Safety is a priority with customers in the segment (and a potential sensitive spot where the Explorer name is concerned), so Ford is leaving no acronym out. There's AdvanceTrak with Roll Stability Control, Trailer Sway Mitigation, and Curve Control; optional collision warning with brake support (when collision is predicted, the brakes apply as soon as the driver lifts off the accelerator); Blind-Spot Information System; plus a full complement of airbags including optional inflatable rear seatbelts that greatly improve safety of kids in booster seats, providing head and neck protection and reducing belt loading on small bones. Ford's MyKey parental-control device is standard, and the body is composed of twice as much high-strength steel, including boron steel reinforcement of the A- and B-pillars.
Ford engineers swear the Explorer can venture farther off road than most customers would ever dare, thanks to the four-position Terrain Management System (developed entirely in-house, with no Land Rover input) and Hill-Descent Control. The Snow setting calls up a very languid throttle response and orders early upshifts to prevent wheelspin. In Sand mode, you need to keep the wheels turning to prevent bogging down, so the throttle map is aggressive, the shift schedule holds lower during low-speed maneuvers, with delayed upshifts when backing out of the throttle and firmer shift feel in 3-2 and 2-1 downshifts. The Mud and Ruts mode is similar to sand, but less extreme, with much less traction control and yaw-stability intervention. Bottom line: High-range gearing, ground clearance, and all-season tires mean today's explorers had better stick to the well-beaten trails in this crossover.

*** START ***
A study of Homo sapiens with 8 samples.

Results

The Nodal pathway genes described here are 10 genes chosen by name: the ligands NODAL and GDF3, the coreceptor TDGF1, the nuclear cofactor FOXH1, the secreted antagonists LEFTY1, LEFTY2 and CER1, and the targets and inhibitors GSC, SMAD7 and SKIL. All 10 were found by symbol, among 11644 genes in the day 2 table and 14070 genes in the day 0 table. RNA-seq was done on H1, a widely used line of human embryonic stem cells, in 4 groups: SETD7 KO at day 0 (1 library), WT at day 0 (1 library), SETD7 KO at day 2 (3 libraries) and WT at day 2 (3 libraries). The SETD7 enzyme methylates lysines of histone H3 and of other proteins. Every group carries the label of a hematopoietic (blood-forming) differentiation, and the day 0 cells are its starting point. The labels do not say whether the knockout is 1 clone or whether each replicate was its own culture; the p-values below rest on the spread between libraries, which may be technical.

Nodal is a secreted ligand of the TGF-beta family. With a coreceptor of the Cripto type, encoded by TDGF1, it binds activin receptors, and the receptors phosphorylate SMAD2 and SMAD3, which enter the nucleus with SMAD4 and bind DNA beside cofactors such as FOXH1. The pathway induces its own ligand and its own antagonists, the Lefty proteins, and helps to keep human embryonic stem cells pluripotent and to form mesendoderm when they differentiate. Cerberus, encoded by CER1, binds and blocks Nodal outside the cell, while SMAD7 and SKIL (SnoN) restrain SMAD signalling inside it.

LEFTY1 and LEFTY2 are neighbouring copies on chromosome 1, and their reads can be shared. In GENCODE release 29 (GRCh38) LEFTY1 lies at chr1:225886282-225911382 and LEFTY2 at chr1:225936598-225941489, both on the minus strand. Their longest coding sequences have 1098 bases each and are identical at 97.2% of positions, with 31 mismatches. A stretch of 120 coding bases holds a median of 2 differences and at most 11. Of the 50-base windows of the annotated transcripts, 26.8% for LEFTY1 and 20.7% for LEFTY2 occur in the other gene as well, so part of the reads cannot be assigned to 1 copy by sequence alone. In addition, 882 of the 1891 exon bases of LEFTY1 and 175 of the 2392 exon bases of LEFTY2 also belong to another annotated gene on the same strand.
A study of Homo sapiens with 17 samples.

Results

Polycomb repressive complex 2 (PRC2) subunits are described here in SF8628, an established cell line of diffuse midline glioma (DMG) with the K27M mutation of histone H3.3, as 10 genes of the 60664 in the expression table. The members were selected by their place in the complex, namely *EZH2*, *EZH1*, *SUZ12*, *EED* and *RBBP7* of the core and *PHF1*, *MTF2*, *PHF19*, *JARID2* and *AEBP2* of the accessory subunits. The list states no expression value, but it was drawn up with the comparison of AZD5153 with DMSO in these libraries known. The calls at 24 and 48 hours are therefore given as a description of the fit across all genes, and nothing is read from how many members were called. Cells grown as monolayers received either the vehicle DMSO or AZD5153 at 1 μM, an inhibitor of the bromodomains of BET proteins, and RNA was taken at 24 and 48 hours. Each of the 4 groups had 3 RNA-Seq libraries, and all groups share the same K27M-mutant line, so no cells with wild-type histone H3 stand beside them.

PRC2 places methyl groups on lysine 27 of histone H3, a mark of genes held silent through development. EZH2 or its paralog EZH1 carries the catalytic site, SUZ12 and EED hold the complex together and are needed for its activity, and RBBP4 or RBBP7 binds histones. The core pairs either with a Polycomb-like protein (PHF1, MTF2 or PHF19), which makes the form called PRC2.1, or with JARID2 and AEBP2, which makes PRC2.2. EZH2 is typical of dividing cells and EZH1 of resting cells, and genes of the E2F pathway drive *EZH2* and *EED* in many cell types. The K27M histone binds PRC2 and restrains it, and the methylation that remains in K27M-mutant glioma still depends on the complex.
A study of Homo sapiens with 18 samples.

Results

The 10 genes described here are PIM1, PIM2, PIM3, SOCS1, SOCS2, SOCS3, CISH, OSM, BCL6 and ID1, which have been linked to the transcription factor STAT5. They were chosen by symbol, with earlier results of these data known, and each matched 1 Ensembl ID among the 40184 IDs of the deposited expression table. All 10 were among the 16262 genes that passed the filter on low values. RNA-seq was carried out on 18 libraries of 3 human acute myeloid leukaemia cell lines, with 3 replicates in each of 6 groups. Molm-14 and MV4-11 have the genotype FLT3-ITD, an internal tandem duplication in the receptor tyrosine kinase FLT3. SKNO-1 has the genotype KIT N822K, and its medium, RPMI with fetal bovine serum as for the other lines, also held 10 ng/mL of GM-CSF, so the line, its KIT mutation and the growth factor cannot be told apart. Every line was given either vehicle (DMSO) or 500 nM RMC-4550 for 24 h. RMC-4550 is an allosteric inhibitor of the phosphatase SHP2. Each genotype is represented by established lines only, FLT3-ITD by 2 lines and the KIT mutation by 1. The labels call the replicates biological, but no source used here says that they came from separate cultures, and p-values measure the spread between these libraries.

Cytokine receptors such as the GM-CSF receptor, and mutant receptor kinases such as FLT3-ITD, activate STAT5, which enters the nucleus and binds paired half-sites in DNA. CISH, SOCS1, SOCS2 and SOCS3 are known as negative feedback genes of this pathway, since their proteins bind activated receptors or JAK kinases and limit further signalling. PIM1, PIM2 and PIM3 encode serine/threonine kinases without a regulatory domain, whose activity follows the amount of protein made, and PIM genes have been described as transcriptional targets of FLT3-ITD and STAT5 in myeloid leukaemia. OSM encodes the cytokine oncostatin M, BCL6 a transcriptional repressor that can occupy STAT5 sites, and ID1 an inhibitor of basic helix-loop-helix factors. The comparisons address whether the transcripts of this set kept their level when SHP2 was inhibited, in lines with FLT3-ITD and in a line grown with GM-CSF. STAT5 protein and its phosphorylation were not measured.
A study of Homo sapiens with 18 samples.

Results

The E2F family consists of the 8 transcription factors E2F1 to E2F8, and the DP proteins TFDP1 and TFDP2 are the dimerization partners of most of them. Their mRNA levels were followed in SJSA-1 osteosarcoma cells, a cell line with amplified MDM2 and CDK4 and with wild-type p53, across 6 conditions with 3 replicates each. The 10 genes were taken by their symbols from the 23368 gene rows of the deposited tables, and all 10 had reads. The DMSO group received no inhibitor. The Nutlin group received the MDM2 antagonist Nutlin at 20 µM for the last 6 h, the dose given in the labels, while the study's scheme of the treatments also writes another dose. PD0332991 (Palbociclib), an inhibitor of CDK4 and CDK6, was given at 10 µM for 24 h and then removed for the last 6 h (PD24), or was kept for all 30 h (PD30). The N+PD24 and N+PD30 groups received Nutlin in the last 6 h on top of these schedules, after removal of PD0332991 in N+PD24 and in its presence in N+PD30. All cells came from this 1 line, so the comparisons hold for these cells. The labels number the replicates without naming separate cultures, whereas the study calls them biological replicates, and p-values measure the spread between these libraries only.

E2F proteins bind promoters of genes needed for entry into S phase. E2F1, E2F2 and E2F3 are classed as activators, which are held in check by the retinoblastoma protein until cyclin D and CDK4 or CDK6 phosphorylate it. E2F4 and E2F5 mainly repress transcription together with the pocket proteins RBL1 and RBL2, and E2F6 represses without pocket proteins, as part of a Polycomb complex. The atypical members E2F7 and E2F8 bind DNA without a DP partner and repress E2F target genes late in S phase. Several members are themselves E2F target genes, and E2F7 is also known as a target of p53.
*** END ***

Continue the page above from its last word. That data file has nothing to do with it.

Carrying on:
Being Taurus-based, the new Explorer will be built alongside it and the Lincoln MKS on the same assembly line in Chicago, which will add a second shift in November to accommodate the extra demand. It's hoped this bodes well for initial quality, as JD Power & Associates survey data rates the Taurus and Lincoln MKS quite highly. Ford's quality team has been sweating details like 3.4mm panel gaps, 1.5mm-radii on parts that meet, for extra flush fascia/fender joints, body sealing against wind and road noise, etc.
Will Americans be willing to dig deep for the luxury of driving a two-ton 2.0-liter? No executives on hand at the reveal would guess at the model mix for EcoBoost, but I'd counsel against charging very much for it (or counting on it making a huge contribution to Ford's truck CAFE). Watch for that engine to end up in a front-drive Taurus sedan and for the SHO's EcoBoost V-6 to find its way into a range-topping Explorer. On paper, the new Explorer seems dressed for success, with most of the right stuff--quality, safety, and efficiency--to lure some business back from Honda and Toyota. Stay tuned this fall to learn whether the metal fulfills the paper potential.